In this video we test how far a rondel dagger penetrates through a combination of chain and cloth armors while they are worn. The penetration of the dagger point through the maille and the gambeson is substantial and may affect how we think about the efficacy of dagger, sword, and spear thrusts against the gaps in plate armor where chain and cloth provide the only protection.
Many medieval and renaissance daggers were made to stab through heavy cloth armor and had very fine points that were capable of protruding through chain maille. Rather than breaking through the rings of the armor as is often supposed, our experiments suggest that the very pointy tips of these weapons were designed to defeat the armor by simply poking through the holes in the center of the rings and piercing through the under-layers of cloth armor.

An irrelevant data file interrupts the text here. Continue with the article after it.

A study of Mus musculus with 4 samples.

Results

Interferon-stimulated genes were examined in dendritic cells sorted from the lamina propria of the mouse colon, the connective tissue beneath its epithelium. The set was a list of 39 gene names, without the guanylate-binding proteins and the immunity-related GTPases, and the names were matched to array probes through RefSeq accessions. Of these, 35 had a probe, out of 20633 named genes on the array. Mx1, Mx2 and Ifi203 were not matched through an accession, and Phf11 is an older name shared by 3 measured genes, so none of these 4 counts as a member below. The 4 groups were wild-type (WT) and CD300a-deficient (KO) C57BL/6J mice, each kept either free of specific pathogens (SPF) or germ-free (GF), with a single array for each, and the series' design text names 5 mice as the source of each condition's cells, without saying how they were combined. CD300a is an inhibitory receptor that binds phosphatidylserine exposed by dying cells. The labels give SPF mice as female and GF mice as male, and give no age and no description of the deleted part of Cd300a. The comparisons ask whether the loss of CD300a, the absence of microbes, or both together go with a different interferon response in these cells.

This type of penetration is unlikely to strike a mortal blow, but and inch of dagger in your armpit, neck, elbow, or knee is certainly dangerous, painful, and gives your opponent a distinct purchase upon your person, allowing them to manipulate your body and position you for further strikes and throws.
Arms and Armor 14th Century dagger, also great for armored combat...
Nathan Clough, Ph.D. is Vice President of Arms and Armor and a member of the governing board of The Oakeshott Institute. He is a historical martial artist and a former university professor of cultural geography. He has given presentations on historical arms at events including Longpoint and Combatcon, and presented scholarly papers at, among others, The International Congress on Medieval Studies.
Craig Johnson is the Production Manager of Arms and Armor and Secretary of The Oakeshott Institute. He has taught and published on the history of arms, armor and western martial arts for over 30 years. He has lectured at several schools and Universities, WMAW, HEMAC, 4W, and ICMS at Kalamazoo. His experiences include iron smelting, jousting, theatrical combat instruction and choreography, historical research, European martial arts and crafting weapons and armor since 1985.